Two of the most iconic NBA franchises will need new head coaches next season. The New York Knicks fired Derek Fisher, somewhat surprisingly, and it would be nothing less than positively stunning if the Los Angeles Lakers renewed Byron Scott’s contract. That Scott has “outlived” Fisher, Lionel Hollins, Jeff Hornacek and supposedly George Karl incredible, and leaves one to wonder whether the Lakers are better at tanking than Sam Hinkie and the Sixers, or if Scott has some incredible blackmail on the Buss family. Blackmail or no, Scott is almost certainly out as coach after this season.
It’s likely both teams will interview and pursue the same coaches, especially hot names like Luke Walton and Tom Thibodeau. While any head coaching job in the NBA is the chance of a lifetime, there’s something undeniably special about the opportunity to coach the Knicks or the Lakers. Walton, Thibodeau need to be careful, though. They can’t let the bright lights of the Big Apple or the glitz and glamor of Hollywood blind them to either team’s many dysfunctions.
Chief among these dysfunctions: ownership.
Jeanie Buss said “heads will roll” if the team’s situation doesn’t improve. She seems to constantly be either fighting or insulting her brother. During Jim Buss’ tenure, the Lakers were a model of success. Under Jeanie, they’ve been among the league’s laughingstocks. Understandably, she wants the team to rise back to their former status as the league’s elite, but lacks the patience needed to see that through. However, it doesn’t appear as if Buss’ rule has negatively impacted the Lakers, overall.
The same cannot be said of James Dolan.
The list of Dolan’s incompetencies and embarrassments are long, far too long for this column. Most recently: he put Isiah Thomas, noted misogynist and convicted sexual harasser, in charge of the New York Liberty of the WNBA. Dolan’s mostly held to his pledge not to interfere with Phil Jackson as he runs the team, but one wonders how long he’ll maintain that pledge before his idle hands want to become his playthings once more. If Jackson leaves town at the end of his contract, that could happen sooner rather than later, and Knicks fans still remember the disastrous results of such meddling.
It’s pretty clear that, despite the sibling rivalry and slightly tyrannical method of running a franchise, working for Jeanie Buss would be more preferable than working under James Dolan.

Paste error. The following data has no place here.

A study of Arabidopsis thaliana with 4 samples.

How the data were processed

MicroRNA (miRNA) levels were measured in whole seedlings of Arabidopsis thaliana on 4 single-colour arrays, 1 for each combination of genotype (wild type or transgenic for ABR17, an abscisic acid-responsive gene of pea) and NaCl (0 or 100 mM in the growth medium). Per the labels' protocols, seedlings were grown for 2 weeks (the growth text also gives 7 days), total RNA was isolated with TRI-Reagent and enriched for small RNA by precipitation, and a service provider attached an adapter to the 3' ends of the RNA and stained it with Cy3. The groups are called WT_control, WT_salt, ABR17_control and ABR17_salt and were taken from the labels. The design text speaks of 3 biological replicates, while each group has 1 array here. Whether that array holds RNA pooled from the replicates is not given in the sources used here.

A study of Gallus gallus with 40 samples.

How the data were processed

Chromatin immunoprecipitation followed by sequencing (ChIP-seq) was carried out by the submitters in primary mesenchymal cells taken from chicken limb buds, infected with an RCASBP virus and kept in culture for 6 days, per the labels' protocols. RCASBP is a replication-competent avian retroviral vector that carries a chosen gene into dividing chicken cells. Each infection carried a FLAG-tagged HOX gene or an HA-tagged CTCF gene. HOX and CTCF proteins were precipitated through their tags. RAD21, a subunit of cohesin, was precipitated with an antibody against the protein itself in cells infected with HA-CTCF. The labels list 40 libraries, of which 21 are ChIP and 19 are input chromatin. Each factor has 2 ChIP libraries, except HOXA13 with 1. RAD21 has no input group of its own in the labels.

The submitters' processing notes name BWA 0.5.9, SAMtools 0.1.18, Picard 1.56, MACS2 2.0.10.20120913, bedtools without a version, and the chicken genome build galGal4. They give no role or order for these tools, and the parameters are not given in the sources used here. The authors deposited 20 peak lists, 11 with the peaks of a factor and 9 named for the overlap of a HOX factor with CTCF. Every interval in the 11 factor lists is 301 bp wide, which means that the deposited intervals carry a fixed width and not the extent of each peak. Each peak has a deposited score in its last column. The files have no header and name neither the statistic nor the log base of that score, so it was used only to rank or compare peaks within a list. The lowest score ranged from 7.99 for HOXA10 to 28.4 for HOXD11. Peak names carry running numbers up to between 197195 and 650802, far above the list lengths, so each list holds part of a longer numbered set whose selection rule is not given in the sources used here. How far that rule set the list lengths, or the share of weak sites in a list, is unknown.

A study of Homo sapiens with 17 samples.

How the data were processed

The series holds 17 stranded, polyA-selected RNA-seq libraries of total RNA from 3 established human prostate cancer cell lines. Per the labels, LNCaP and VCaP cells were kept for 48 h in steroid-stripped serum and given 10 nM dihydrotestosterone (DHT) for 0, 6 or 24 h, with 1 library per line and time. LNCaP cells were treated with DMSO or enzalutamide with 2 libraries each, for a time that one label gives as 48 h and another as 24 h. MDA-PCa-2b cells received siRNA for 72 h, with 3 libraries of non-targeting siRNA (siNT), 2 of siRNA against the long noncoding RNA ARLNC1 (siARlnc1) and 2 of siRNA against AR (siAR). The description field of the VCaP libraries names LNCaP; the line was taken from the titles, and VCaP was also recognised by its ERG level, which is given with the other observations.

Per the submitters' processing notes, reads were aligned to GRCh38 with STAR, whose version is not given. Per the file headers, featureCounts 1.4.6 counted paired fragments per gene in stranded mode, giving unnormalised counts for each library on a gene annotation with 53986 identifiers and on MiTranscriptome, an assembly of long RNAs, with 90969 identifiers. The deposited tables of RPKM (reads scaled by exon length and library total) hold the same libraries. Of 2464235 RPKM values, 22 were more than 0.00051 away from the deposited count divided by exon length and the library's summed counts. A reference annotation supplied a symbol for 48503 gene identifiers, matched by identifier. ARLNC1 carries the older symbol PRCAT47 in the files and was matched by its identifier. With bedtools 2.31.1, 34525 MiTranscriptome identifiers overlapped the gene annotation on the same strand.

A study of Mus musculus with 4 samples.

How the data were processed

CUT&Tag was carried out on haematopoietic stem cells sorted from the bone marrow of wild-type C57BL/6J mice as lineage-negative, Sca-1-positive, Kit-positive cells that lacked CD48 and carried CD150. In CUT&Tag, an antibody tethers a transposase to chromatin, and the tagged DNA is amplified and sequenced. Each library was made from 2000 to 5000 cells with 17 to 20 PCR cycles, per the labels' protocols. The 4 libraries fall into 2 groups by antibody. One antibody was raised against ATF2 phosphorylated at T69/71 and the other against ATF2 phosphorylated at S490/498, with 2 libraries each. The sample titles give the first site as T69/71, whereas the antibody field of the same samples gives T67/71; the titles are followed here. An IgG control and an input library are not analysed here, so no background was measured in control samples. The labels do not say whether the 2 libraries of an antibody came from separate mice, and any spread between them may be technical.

Where the debate gets really interesting is the roster. The Knicks are better suited to immediate success, but the Lakers are arguably better set up for the future.
Carmelo Anthony is playing the best all-around ball of his career, Kristaps Porzingis is a budding superstar, and their supporting cast is solid. Phil Jackson didn’t hit any homeruns in free agency this summer, but he hit more than his fair share of doubles and even triples. Robin Lopez continues to be an underrated defensive presence, Jerian Grant could develop into a nice starting point guard, and Kyle O’Quinn is a solid rotation NBA player. Arron Afflalo is too, in theory, though in practice he’s slipped big time on both ends of the ball. Nevertheless, it’s a talented roster. One with glaring holes, absolutely, the overall foundation of the team is one that could, with the right coach, easily make the playoffs. It’s unlikely, however, that this roster is a championship team.
Unless the Lakers hit a home run in free agency, they’re not sniffing the postseason any time soon, even with a new coach. D’Angelo Russell, Julius Randle, Jordan Clarkson and even Larry Nance, Jr. all have bright futures. The luminosity obviously varies from player to player – Russell could be a star, while Nance may never be more than a key rotation player – but they all at least project to be quality NBA players. They’re young, though. Incredibly so. They might even get younger if they keep their pick in this year’s draft. A bevvy of young talent is a good place to start. It also means you’re furthest away from the finish line.
The new coach of the Lakers has to be willing to endure the inevitable growing pains of a young team, and has to embrace the role of teacher to help Russell and company reach their full potential. In other words, do the exact opposite of what Scott is currently doing.
The Lakers think they have a shot at the top free agents this year, including DeMar DeRozan and Kevin Durant. This is unsurprising, because the Lakers always think they have a shot at the top free agents, even though, year after year, they miss out on the biggest names. Maybe that changes this year, given the departure of Kobe Bryant and the resulting cap space. Yet, look at the teams DeRozan and Durant currently occupy, then look at the Lakers. Durant wants to win, and he stands a better chance of doing that with the Thunder’s roster, imperfect though it may be, than with the Lakers. Durant’s already been through one youth movement, it’s hard to think he’ll want to go through another just to be in a market that supposedly better promotes his brand. Ditto for DeRozan, who seems perfectly comfortable in Toronto and incapable of being apart from his soulmate, Kyle Lowry.
So it comes down to this: Will the new coach of the Lakers or Knicks want to win immediately, much like both franchises want to do, or will they want to build something, even if it flies in the face of the owners’ demands for immediate success? If it’s the former, then the Knicks are the answer. They won’t win a championship, but they’ve got enough on the roster to win games right away. If it’s the latter, then the Lakers are the right fit. They’re not guaranteed anything, but with their impressive collection of young talent, they have the chance to build something special, even if all the pieces aren’t yet in place.
And, really, none of this matters for the Knicks anyways, since the return of Isiah Thomas as head coach is all but inevitable.